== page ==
QuakeCon 07: id Rage-ing on PC, Mac, 360, PS3

Doom-maker crafting all-new driving-shooting actioner set in open-world, postapocalyptic wasteland.


In June at Apple's Worldwide Developers Conference (WWDC), id Software cofounder and chief technical officer John Carmack took the stage alongside Apple CEO Steve Jobs to show off a technology demo. Cryptically titled "id Tech 5," the clip showed a scene reminiscent of Mad Max Beyond Thunderdome. Dune buggies raced through a canyon dotted by what looked like postapocalyptic settlements, and then the camera zoomed inside a hut for a first-person conversation with a merchant straight out of Bartertown.

At the WWDC, Carmack promised to have the same demo--which features over 20GB of texture information--running in real time on the PC, Macintosh, Xbox 360, and PlayStation 3 at the E3 Media & Business Summit in July. However, by the time the scaled-down expo was done, there was no sign of the demonstration anywhere.

Today, though, id Tech 5 surfaced. Behind closed doors at QuakeCon 2007 in Dallas, id CEO Todd Hollenshead revealed that the demo was actually the first look at Rage, an all-new IP. As mentioned at WWDC, the game is in simultaneous development for the PC, Mac, PS3, and 360, and will use the second generation of id's "MegaTexture" technology. The game will be come on a single Blu-ray Disc for PS3 owners, while all other versions will require two DVDs.

Speaking to a small collection of game journalists, Hollenshead explained that Rage was a deliberate departure from the corridor shooters that made id famous. Its gameplay will be "60 percent shooting and 40 percent driving" between villages in a postapocalyptic wasteland. Its setting will be a far future that has seen civilization decimated after a comet smashes into the Earth. Players will aid the villages' inhabitants in fighting both an oppressive regime and various mutants and monsters roaming the wasteland.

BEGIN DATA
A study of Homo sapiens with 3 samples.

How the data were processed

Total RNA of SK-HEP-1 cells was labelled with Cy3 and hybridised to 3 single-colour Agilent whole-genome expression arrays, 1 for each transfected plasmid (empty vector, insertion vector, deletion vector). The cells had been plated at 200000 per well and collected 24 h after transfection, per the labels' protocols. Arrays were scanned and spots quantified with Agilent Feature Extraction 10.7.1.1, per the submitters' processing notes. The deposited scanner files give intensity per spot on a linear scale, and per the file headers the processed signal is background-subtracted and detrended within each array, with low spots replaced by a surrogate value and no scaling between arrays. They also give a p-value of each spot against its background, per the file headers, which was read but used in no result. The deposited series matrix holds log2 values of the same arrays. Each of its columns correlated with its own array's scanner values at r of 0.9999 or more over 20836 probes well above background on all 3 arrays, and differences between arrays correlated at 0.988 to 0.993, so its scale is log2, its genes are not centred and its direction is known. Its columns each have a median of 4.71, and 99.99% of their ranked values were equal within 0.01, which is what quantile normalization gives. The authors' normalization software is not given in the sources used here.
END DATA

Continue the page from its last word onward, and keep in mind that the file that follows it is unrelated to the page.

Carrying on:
According to Rage lead designer Tim Willits, the game's title has a threefold meaning. "You're fighting against a postapocalyptic government, so you're raging against the machine," he said. "Then there's driving combat, so there's road rage." Willits also said that "you can't spell garage without 'rage,'" and then revealed the game will have shops where players can extensively customize their vehicles.

Rage will have open-world elements, allowing players to exit their vehicles and explore caves and other parts of the landscape. The game will feature a single-player campaign that will clock in around 20 hours, but will allow individual missions to be played in co-op mode. No other multiplayer details were announced.

In another major departure from the infamously gory Doom and Quake games, id is developing Rage with a T-for-Teen rating in mind. As with all games from the famously reclusive studio, it will ship "when it's done."

During a presentation at the QuakeCon keynote, Carmack quashed hopes of a Wii version of the game, saying that the id Tech 5 engine could not be ported to Nintendo's latest system. Nintendo fans needn't be too crestfallen, however, as Carmack told reporters earlier in the day he'd be happy to make Wii games, and has toyed with the idea of making a Quake Arena-themed game for the DS. There's nothing official about such a project yet, but Carmack said he likes the machine's Wi-Fi and game-sharing capabilities.

Carmack also described his "inverted" approach to developing new intellectual properties to reporters, saying id started Orcs and Elves on a cell phone, and then moved it up to the DS. If it works there, Carmack said he'd like to bring it to the Wii as well. Such an approach to building new properties makes sense, Carmack said, because the initial investment put at risk is much smaller.